Most days that I walk around in my Army ROTC uniform during our required uniform days, my worries are mostly limited to baking in the canvas clothing on hot days or avoiding—like the plague—anything that would lead to dry cleaning.
Very rarely my uniform-related worries escalate beyond this; the great exception, however, is when an anti-war “social-justice warrior,” or one of those religious “recruiters,” builds up the courage to approach me. Although the two will approach me with different tactics, both have the same objective: trying to shame me.
The anti-war warrior will target me directly with opening remarks which include such words as “baby killer,” “rapist,” or “ever heard of peace? You should try it.”
The religious recruiter will suggest I am defective or faulty (thus the only reason I would join the military) and he/she will offer to cure the disease which infects me with a cup of enlightenment from his/her deity.
The peace activist just delivers criticism and disrespect. Receiving hate from a “peace” activist and “enlightenment” from a person who seems to have been absent during his turn to be enlightened is comical; it stems from the problem that a small portion of the population forgets what the military is for. It is easy to forget because the last time our country had a direct threat was during World War II.
Some people suggest that the military is a puppet of the president, the congress, or even maybe of corporate America. That thought might be developed more fully in another article. But for right now, let us consider that the real purpose of the military is to ensure the existence of the United States—now and forever.
Some people think that if we have peacetime, then there is no call for an armed force and, in fact, having a standing military in peacetime is actually a threat to peace. However, history does not bear this out as true. Nations which survive and offer stability to their citizens have had a competent armed force in their back pocket to deter or ward-off aggressor nations.
Even democracies such as ancient Athens found this to be crucial. A Roman lyric poet named Quintus Horatius Flaccus, writing at the time of Caesar August, said “A wise man in times of peace prepares for war.” Another Roman, Flavius Vegetius Renatus, in the fourth century A.D. wrote, “Let him who desires peace prepare for war.”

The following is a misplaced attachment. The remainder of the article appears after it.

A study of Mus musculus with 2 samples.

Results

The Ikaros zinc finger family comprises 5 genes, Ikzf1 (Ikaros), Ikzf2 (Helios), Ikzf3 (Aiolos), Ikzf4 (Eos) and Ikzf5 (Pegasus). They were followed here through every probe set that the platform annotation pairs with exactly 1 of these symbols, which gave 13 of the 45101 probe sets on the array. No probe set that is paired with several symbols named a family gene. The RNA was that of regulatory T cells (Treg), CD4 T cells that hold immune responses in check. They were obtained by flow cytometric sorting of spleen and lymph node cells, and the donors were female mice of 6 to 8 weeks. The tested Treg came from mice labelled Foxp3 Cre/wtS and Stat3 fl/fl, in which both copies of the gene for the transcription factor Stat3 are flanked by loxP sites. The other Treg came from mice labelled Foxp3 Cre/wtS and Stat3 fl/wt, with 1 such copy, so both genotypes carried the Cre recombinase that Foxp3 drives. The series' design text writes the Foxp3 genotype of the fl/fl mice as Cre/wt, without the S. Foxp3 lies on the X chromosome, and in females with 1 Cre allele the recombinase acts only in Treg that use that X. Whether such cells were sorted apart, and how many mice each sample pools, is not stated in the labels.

The founders of our country understood this. They believed that having a military force and people trained and in place to be essential for the safety of the country. President George Washington said, “To be prepared for war is one of the most effective means of preserving peace.” And, just a few years ago, President Ronald Reagan said, “None of the four wars in my lifetime came about because we were too strong. It’s weakness…that invites adventurous adversaries to make mistaken judgements.” This has been the history of the world.
In even simpler terms, who does a bully target: a nerd or a jock? Likely he won’t target the one who might best put up a fight. A football team can’t take the field without a trained and competent defense. A team must have a strong defense in order to repel any other team’s offense. It is not rational to think that putting your weapon down, if you are in a “Mexican standoff,” will lead to hugs and smiles. Rather than eliminating the conflict, it will lead to you being victimized.
People like the “peace” activists and the religious “recruiters” who I mentioned earlier don’t seem to have thought this through. For the most part, those of us who are in the armed forces are there not because we are just violent people, nor because we are angry, nor because we wish for war. Neither are we necessarily lacking in spiritual enlightenment. I might argue that we do so out of love. Love for family, for friends, for our freedoms, and for country.
We want to stand ready to defend what we hold dear. I hope that anyone who tries take us believes in an afterlife, because they are going to need a safe place after we are done with them.
Collegian Columnist Micah Maffeo can be reached at email@example.com.